By Andrea Woods
Many of us are striving to do our best in law school and sometimes we get discouraged when we don’t make the A’s we were expecting. Well, I’m here to let you know to get up and keep trying! Sometimes, we look at the A student and ask what are they doing that I am not. This question brings us back to the basics we learned in Intro to Law. Those skills are worth remembering and the class was worth taking seriously. So let’s get back to basics.

John Mamaligas is a WMU Cooley graduate who finished law school in 7 terms, in the top 10 % of his class, and earned cum laude honors. He has been tutoring law students for 19 years. Remarkably, John has had students who have come to him on double academic probation and made Dean’s list the following term after receiving his help. At a recent seminar on how to improve your grades hosted by Amnesty International, John assisted Cooley students in Lansing in getting back to the basics because they have frequently proven themselves helpful in causing success.

John has a 40/30/30 Rule for final exams: 1.) 40% is knowing the actual material before starting your final reviews, 2.) 30% is learning details through the multiple choice, and 3.) 30% is writing out essays.

            What kinds of things should you do to prepare for finals?

1.      Work on as many multiple choice questions as you can

2.      Know your professor’s specifics and buzz words

3.      Issue spot and write out old exams under time constraints

·         Each time you write out the same things, whether it is a definition, paragraph, etc., you get faster just like assembling something

·         The more fact patterns you look at, the more you see that they start to repeat

4.      Have attack outline

·         They organize your thoughts so you know what order you will discuss things

·         They save time since your thoughts are already organized and ready to go!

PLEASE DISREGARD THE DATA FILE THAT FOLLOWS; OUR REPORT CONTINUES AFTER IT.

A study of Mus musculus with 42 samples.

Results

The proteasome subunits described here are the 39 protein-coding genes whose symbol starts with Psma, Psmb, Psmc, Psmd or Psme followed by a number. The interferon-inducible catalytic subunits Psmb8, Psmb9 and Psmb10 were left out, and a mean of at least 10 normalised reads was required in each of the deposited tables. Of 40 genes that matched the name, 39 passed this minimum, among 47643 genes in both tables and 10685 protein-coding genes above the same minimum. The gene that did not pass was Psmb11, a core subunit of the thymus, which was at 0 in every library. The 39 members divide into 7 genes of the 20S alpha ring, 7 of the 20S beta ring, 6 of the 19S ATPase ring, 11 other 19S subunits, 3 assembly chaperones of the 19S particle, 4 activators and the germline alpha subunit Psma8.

Multiple Choice:

MC tests you on the details of the law. The good news is the answer is provided for you. Eliminate wrong statements of law and then read through the remaining choices and see which facts fit your fact pattern better.


The BIGGEST problem comes up when students combine rule and FACTS instead of doing them separately.



- Have attack outlines or mnemonics ready because this is a reminder of what issues may come up in a particular situation. You are more likely to spot issues if you are looking for it, rather than just reading the fact pattern to see what issues seem to be there. Look at as many old exams and practice questions as you can. The more practice you do you will see how a certain issue gets hidden OR how certain issues ALWAYS come up together. Read the call of the question first because that tells you what you are looking for when reading through the fact pattern and what to concentrate on.


RULE- When you use a buzz word, define it. When you state the rule on an exam, do NOT combine it with the facts. Make sure to use the general rule before exceptions and also make sure not to jump right to defenses. Use flash cards, poster boards, or record yourself.

ANALYSIS- Do NOT do analysis until AFTER you have given a rule. Many students never give a rule. Analysis shows the reasoning for what the facts mean. Every fact is in the fact pattern for a reason. Use the facts! Do NOT summarize facts! Use the EXACT facts!

CONCLUSION- Always make sure you conclude one way or the other. Do not leave the call of the question unanswered! Sometimes you have to write a memorandum, sometimes you are the judge, sometimes you have to analyze whether a directed verdict would be granted, whether a person’s objection will be overruled or sustained, etc.

Some more tips……

Make sure your writing is legible. If your professor can’t read your writing, you can’t get points! Also, try to watch your spelling and grammar or it will take away from your credibility.

To contact Mr. Mamaligas, you can email him at or call him at (517) 484-3040.